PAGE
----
One day, I’ll be like Gerry Lopez. Image via Getty

Jonathan Seidler is an Australian author. This is his column for Esquire.

I AM ALMOST certain that I’m the only person who gets worse at surfing the more they do it. Every time I go out in the water, whether it’s double overhead or mostly flat baby waves, I end up looking like a doofus. Surfing is supposed to be an egalitarian, low stakes form of exercise that’s almost always fun (or so I’m told). The promise contained in the idea of surfing is to become effortlessly cool simply through the act of doing. It’s a bit like walking into a room with drumsticks or a guitar even if you can’t actually play either. People look at you differently when you’re holding a board. You have transcended the realm of the ordinary, non-amphibious folk.  

Yet having had lessons both here and overseas, and with the big blue on my proverbial doorstep, why do I continue to fail at it? Why is being goofy-footed the least of my worries? And why, next to the long-haired, eternally suntanned guys who frequent my local beach break, does it make me feel like I’m the definition of a deficient Australian man?  

Failing at sports is not a new phenomenon for me; I cycled through almost all of them in high school, from the active (basketball; too short) to the mostly sedentary (cricket; no hand-eye coordination) as well as those sports that aren’t really sports unless you’re watching ESPN at a bar after 10pm (bowling, chess, pool). But I had high hopes for surfing. For one, it’s a mostly solo pursuit; there’s nobody to let down but yourself. Secondly, the barrier to entry is pretty low; get a board, learn to stand up, run into the ocean Kelly Slater style.

Much like running, surfing is a workout you can decide to do in the moment, or at the very least, the morning of. You don’t even need shoes, and there aren’t loads of drills like there are with ball sports; to surf is, in essence, to practise surfing. It’s the dream, until it isn’t. 

To be clear, I’m not a total kook. I have the fundamentals of surfing down pat. I know how to read the tide, catch friendly waves that arrive in a timely fashion and not kill anyone in my slipstream (mostly). But that’s on a good day. Most days, I’m floundering around near the shore, getting smashed by shoreys or dumped on by whitewash that takes me hours to get past. I understand this is how it goes with a variable like Mother Nature. You don’t get to choose; even if you check the forecasts, anything could change in an instant. It just seems like when I paddle out, everything that could go wrong does go wrong. Last time I surfed, I spent 45 minutes on the wrong side of a perfect set. The only time I stood up was when I returned to dry land, and that was for approximately three seconds.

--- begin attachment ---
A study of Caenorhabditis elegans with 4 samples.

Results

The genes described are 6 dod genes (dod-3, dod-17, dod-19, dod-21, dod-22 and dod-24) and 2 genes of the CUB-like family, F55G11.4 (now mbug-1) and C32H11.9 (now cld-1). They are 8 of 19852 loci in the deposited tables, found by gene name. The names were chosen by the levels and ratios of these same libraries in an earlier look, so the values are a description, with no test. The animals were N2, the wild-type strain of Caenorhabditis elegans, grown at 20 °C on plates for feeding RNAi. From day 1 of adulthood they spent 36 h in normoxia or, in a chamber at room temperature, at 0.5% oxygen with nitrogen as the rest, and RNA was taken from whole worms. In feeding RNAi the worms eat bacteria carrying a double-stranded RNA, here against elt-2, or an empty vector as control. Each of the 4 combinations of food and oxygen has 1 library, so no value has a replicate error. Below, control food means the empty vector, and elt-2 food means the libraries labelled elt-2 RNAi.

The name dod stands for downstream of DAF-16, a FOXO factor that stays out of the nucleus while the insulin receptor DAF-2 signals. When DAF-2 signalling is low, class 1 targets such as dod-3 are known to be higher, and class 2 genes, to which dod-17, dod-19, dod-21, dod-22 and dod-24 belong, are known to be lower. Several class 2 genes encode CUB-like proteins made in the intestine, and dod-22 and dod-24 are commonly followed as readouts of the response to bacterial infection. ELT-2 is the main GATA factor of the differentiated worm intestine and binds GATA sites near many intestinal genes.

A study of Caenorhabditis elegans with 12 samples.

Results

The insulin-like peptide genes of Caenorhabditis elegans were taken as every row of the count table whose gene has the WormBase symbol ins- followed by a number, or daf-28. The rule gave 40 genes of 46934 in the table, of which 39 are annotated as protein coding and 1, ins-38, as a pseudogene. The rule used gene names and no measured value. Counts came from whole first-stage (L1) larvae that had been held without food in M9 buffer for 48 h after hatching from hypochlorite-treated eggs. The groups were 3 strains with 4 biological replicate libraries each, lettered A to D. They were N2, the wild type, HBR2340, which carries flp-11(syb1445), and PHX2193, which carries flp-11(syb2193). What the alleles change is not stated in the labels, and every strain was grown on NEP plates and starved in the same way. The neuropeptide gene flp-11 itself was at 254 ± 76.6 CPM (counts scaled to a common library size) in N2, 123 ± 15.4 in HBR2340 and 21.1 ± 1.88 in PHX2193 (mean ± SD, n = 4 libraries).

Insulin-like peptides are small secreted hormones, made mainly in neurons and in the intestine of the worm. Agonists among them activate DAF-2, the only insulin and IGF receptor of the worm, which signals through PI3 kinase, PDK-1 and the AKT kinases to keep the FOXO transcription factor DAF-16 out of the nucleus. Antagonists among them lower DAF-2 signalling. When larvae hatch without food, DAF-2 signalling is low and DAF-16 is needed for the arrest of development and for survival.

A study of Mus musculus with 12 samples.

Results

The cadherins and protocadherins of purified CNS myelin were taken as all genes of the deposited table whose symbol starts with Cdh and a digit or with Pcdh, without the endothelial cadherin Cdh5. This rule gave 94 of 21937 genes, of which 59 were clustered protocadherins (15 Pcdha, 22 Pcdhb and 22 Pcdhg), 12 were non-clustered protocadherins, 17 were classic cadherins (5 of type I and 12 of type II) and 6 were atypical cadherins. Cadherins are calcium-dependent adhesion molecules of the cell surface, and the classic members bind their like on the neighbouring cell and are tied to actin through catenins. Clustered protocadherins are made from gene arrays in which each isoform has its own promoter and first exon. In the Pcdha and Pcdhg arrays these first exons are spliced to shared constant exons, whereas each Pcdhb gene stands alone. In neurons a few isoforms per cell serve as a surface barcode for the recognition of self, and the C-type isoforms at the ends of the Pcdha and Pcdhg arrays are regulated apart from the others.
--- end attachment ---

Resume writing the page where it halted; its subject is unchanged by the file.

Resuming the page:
Keanu Reeves, the definition of cool, calm and collected on a board, in 1991 film ‘Point Break’.

Embarrassingly, I can deploy more surfing metaphors than I can catch waves. I once wrote an entire character in a book who used slang like ‘shredding’ and ‘carving’ and ‘party foam’ and ‘left hand breaks’, despite rarely being able to put these words into practice myself. I know all the different terms for surfboards and fin set ups (‘log’, ’gun’, ‘thruster’, ‘two plus one’, you name it), even though my own board is 7’6, looks like a mango Splice, weighs a metric ton and, if I turn left too suddenly when waiting at the traffic lights, will wipe out a small child.  

The prevailing wisdom is that surfing, unlike many physical activities, is age-agnostic. I’ve definitely seen this in action, having been pipped at the post on the lip of a perfect set by seven-year-old girls and 65-year old men alike. They ride fibreglass boards half the size of mine, nudging the nose like they’re somehow bored of being excellent. Meanwhile, I’m swallowing gallons of saltwater, convinced that this is all part of the process and one day I’ll miraculously downsize to a board that doesn’t make me look like I have no idea what I’m doing.  

Since transitioning from boy to man, which, at a conservative estimate, happened about two years ago, I have discovered that pursuing awesomeness is great, but it’s also acceptable to realise that there are some things you will never be awesome at. Surfing, despite what the ads for board shorts, Sex Wax and Jack Johnson songs tell you, is something anyone can do but only certain people can do well. I will likely stay an average-at-best shredder for the rest of my life. But look, I’m already better at it than I was at basketball. That’s enough reason to go get frothy again this weekend.   

Jonathan Seidler is an Australian writer, father and nu-metal apologist. He is the author of a memoir called It’s A Shame About Ray and a novel titled All the Beautiful Things You Love, to be published in April 2024. Jonno has some interesting things to say about music, fatherhood, Aussie culture, mental health, problematic faves and the social gymnastics of group chats. This is his column for Esquire. You can see all of Jonno’s previous columns here.